Update: In response to the attempted class action lawsuit filed by former Black Swan interns Alex Footman and Eric Gatt, Fox Searchlight has released a statement placing all blame for the alleged noneducational experience squarely on the shoulders of Darren Aronofsky and his production company. The studio concludes its missive with the line, “We look forward to aggressively fighting these groundless, opportunistic accusations,” which is either a huge bluff or kind of awesome.
One of the things I regret most in life was the decision, before and during college, to disregard some of the contacts I’d made while studying Radio, Television, and Film and not partake in at least one unpaid internship. But when you work 40 hours a week and take a full semester (at least 15 hours) every semester, it’s pretty damn hard to squeeze in the extra 20 hours or more a week that an internship requires. Of course, besides the time and money issues, I knew that if I took any internships, I would be relegated to “grunt work” and probably not get any real hands on experience because they have paid professionals to do that sort of thing. If I wanted real experience, I had classes and friends and my own initiative. Interns, especially in creative production efforts, are really just un-glorified PA’s. But, hey, at least you get to be on-set/in-studio and can put the work experience on your resume, right? The bonus connections you make could also be invaluable in the future.
According to two former unpaid interns, Alex Footman (24) and Eric Glatt (42 - wait, 42?!) who worked on Black Swan and are now suing Fox Searchlight Pictures, though, unpaid internships are akin to slavery. It seems their experience on the Darren Aronofsky film did not meet their, clearly unrealistic, expectations of supreme awesomitude. Apparently, fetching coffee, lunch, and making copies are now sue-able offenses. Their lawsuit claims that the production company’s hiring practices are illegal because:
“Fox Searchlight’s unpaid interns are a crucial labor force on its productions, functioning as production assistants and bookkeepers and performing secretarial and janitorial work. In misclassifying many of its workers as unpaid interns, Fox Searchlight has denied them the benefits that the law affords to employees.”
Footman, who was a recent college graduate when he worked on Black Swan, had this to say while under Aronofsky’s crazy auteur wings: “The only thing I learned on this internship was to be more picky in choosing employment opportunities.” Rimshot! Apparently, his parents also had to support him while he worked for five months on the Hollywood production, which must be incredibly nice during a global recession. For someone who studied film, and ostensibly enjoys movies, it’s a wonder Footman had yet to glean, from decades of entertainment illustrating the point, that being an unpaid intern kinda, sorta sucks donkey scrotum.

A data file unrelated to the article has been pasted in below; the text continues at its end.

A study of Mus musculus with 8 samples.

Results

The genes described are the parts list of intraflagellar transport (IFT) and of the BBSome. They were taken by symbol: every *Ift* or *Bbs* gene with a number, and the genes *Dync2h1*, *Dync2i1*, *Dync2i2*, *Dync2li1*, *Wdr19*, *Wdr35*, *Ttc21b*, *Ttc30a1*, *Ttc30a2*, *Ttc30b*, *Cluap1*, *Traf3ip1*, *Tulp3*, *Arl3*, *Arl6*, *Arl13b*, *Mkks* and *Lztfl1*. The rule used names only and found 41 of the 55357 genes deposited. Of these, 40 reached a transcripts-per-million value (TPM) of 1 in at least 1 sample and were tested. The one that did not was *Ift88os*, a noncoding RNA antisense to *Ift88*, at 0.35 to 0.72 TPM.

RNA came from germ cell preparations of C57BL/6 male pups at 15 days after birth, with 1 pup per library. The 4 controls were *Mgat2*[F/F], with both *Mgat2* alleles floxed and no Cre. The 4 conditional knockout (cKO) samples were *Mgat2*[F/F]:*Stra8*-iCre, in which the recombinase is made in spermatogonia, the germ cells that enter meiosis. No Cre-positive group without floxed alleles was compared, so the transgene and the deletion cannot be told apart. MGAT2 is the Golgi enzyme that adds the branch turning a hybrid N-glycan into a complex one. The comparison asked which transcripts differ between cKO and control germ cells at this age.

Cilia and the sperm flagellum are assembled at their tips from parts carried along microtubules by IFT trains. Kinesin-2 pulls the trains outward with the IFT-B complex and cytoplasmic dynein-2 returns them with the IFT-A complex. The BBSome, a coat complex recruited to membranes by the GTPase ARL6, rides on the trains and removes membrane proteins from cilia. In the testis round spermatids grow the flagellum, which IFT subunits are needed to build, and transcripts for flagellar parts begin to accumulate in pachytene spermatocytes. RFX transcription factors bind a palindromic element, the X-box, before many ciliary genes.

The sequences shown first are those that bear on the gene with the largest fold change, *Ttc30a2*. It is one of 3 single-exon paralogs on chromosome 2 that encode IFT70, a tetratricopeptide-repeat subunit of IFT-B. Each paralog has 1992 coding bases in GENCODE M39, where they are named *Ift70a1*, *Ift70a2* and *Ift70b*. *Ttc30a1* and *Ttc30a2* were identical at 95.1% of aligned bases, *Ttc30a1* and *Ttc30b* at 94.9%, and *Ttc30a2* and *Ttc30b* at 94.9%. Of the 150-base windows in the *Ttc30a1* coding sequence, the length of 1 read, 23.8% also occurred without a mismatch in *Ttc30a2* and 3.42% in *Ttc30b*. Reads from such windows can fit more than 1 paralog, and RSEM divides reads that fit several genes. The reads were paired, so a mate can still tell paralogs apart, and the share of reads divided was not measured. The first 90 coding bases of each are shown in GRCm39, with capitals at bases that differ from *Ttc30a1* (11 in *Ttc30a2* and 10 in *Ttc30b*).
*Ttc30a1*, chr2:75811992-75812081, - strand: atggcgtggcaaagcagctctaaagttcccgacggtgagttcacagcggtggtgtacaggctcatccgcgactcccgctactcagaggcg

For his part, Glatt, the elder statesmen of the duo, was an accountant at AIG and decided he was bored with that sort of financial work (don’t blame him) and wanted to start a new career in the glamorous world of movie making. Naturally, with his work history, he took an unpaid gig as an “accounting intern” on Black Swan and was somehow, diabolically, saddled with “[preparing] documents for purchase orders and petty cash, traveled to the set to obtain signatures on documents and created spreadsheets to track missing information in employee personnel file.” God forbid an accounting intern perform any sort of work related to finances. I’ll admit that Footman has a somewhat better argument, being young and full of passion to show the world what he can do besides whining. But Glatt clearly assumed incorrectly that he wouldn’t have to start from the ground up when starting in a brand new industry, and is now regretting the decision he made during his mid-life crisis.
Fox Searchlight only found out about the lawsuit as it was being reported and have no comment at the time, other than a probably under-the-breath, WTF? But Footman and Glatt’s lawyers are seeking a class action suit against the production company for its apparently improper use of hundreds of unpaid interns who worked on Black Swan and other films, so surely this story has legs. Unpaid interns all over the country will likely be sitting on pins and needles as they wait for the outcome of the greatest civil rights issue of our time. Endure, you poor bastards, endure.
Rob Payne also writes the indie comic The Unstoppable Force, co-hosts the podcast We’re Not Fanboys, and tweets on the Twitter @RobOfWar. He finds it astounding that even with how full his schedule was in college, he always seemed to have more free time than he ever does now.